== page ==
Fisherman finds Pictish symbol stone in river

A rare stone carved with Pictish symbols has been discovered in the River Don in Dyce, Aberdeen, thanks to an extended period of unseasonable heat and a keen-eyed local fisherman. The hot, dry weather this summer dropped the water level of the Don to the lowest it has been in decades, exposing the stone on the bank of the river. A fisherman spotted it and reported the find to Aberdeen University. Archaeologists examined the stone and identified it as a Class I Pictish symbol stone, an unworked stone dating to 6th to 8th century A.D. with multiple symbols carved into the surface, among them a triple disc with cross bar, a mirror, and a notched rectangle with two internal spirals.

Gordon Noble, Head of Archaeology at the University of Aberdeen, is currently leading a major research project into the early medieval Kingdoms of northern Scotland and Ireland. He said:

“Although there is a corpus of more than 200 of these stones across Scotland, each one is unique and this is a fantastic example which enables us to fill some of the gaps in the record and helps us to trace the development of literacy in north-east Scotland. As such, it is a very significant find.”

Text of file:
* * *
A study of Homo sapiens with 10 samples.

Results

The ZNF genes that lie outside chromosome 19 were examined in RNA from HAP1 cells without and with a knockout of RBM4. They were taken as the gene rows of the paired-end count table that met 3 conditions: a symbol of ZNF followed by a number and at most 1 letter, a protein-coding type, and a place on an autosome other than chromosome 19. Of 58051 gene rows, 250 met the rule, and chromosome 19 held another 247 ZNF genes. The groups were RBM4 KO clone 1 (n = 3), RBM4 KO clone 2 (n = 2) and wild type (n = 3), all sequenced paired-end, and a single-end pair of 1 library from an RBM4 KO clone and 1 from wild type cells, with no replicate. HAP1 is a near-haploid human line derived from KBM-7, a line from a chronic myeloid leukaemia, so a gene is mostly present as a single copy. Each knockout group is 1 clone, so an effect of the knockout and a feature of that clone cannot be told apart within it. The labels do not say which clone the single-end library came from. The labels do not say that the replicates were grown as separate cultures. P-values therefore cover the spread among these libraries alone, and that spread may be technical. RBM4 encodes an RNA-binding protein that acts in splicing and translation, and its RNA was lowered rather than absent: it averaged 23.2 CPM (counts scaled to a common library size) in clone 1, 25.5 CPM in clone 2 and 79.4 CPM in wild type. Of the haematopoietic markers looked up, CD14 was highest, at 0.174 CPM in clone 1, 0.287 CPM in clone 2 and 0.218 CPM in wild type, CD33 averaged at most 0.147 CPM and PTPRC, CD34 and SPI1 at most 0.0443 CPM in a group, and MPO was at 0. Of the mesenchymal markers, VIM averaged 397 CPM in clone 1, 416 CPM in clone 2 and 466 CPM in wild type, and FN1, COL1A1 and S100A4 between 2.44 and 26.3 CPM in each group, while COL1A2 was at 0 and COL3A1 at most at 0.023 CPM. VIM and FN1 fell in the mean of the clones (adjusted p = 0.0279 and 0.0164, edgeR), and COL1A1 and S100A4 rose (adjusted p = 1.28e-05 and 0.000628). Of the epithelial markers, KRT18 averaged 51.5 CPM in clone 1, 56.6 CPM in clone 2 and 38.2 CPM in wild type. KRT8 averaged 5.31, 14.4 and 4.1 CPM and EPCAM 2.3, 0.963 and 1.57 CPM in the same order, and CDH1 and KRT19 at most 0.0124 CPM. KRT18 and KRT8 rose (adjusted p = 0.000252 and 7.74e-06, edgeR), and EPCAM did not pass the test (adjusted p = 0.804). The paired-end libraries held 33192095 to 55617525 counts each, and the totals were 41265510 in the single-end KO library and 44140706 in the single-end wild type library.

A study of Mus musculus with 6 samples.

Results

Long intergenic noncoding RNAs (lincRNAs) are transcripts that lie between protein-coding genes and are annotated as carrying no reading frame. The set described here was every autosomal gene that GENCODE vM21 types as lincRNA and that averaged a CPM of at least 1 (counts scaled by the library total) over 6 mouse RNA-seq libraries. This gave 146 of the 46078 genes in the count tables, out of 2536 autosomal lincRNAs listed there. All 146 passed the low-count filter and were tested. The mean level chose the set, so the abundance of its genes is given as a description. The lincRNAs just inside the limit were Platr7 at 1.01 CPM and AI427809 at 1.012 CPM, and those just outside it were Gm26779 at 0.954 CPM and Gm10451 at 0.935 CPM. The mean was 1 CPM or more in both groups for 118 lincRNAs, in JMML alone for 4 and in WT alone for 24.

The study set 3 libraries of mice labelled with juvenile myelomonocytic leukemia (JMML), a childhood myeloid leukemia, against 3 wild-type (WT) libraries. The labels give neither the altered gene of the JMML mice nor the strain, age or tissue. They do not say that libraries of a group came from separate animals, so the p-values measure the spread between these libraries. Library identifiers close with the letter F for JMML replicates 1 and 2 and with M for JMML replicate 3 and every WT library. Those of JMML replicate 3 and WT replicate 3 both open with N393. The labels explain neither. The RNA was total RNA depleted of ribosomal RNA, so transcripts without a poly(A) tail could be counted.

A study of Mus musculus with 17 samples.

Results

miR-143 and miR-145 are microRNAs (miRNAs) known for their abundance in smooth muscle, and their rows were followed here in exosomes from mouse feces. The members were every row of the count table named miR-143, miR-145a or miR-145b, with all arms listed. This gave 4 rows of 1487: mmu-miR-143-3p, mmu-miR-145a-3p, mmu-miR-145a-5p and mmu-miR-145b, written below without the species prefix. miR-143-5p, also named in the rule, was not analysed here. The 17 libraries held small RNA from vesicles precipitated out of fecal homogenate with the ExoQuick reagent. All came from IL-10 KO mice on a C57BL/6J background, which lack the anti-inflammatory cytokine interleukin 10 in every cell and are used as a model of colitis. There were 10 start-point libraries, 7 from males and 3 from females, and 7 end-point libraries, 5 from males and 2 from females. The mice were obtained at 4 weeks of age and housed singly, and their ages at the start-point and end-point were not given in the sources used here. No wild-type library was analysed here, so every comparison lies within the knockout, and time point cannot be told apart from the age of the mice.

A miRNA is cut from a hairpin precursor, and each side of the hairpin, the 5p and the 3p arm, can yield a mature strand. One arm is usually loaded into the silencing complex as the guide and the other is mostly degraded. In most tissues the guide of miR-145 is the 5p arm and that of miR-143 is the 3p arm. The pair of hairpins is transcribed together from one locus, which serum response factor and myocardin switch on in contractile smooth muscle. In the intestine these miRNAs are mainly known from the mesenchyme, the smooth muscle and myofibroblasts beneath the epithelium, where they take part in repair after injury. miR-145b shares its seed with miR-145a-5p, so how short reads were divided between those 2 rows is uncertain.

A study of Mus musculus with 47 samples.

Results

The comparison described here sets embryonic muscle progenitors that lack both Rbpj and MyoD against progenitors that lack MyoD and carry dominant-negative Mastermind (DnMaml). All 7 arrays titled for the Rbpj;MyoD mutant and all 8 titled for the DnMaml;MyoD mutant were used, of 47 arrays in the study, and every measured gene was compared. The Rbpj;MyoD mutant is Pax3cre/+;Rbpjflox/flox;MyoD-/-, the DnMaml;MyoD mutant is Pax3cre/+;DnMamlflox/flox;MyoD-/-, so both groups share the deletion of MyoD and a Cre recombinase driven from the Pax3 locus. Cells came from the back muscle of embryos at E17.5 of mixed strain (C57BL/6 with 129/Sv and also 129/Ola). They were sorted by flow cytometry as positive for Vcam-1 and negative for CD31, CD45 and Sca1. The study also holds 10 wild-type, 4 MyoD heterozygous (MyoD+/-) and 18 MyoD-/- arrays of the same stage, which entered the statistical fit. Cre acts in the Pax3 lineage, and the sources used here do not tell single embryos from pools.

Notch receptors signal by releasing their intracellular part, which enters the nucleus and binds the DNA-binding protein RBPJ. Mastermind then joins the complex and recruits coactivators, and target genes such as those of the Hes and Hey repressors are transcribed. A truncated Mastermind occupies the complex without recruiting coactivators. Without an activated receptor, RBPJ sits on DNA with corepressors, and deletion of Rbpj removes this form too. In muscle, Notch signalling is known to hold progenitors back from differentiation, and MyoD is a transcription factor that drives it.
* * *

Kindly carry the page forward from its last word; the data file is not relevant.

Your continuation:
With the water levels expected to rise again soon, the clock was ticking on recovering the stone for further study, conservation and display. Experts from Historic Environment Scotland (HES), the Aberdeenshire Council and University of Aberdeen worked with contractors AOC Archaeology and a specialist lifting firm to raise the heavy stone out of the river. The logistical challenge was significant because the weight of the symbol stone required a crane to lift it safely, but the crane would have to be perched on the riverbank which is less than ideal a platform for heavy machinery. A mobile crane did the trick, however, and the ancient stone was successfully pulled form the Don without suffering any damage.

The stone has been transported to Edinburgh for the time being. Its final disposition has yet ot be determined.

Comment by Herbert S. Gröhnefritz
2018-08-26 02:26:27

What would -let’s say- a Class III Pictish symbol stone look like?

Is there information available by when and how they were made Catholic?

In other words: Could the stone have been ‘desacrated’ (i.e. with an ‘a’ instead of ‘e’), ordinarily just ‘thrown away’ or -in contrast to that- maybe even ‘sacrifi(c)ed’?

2018-08-26 05:14:33

I would suspect that it ended up in the river through later generations clearing the fields of unwanted stone. It’s quite common to find clearance cairns on the periphery of older field systems. I for one would think it would be much more fun to chuck it in a burn :). (but I’m still a big kid at heart 😉 )

I was once on a dig further north and on our last day we were tasked with excavating a small cairn at the edge of a very complex and interesting building, bitterly disappointed to find it was just a wee clearance cairn from after the building had fallen out of use.

2018-08-27 04:56:06

I see it is not far from a river crossing, so I wonder if they stone and crossing are related?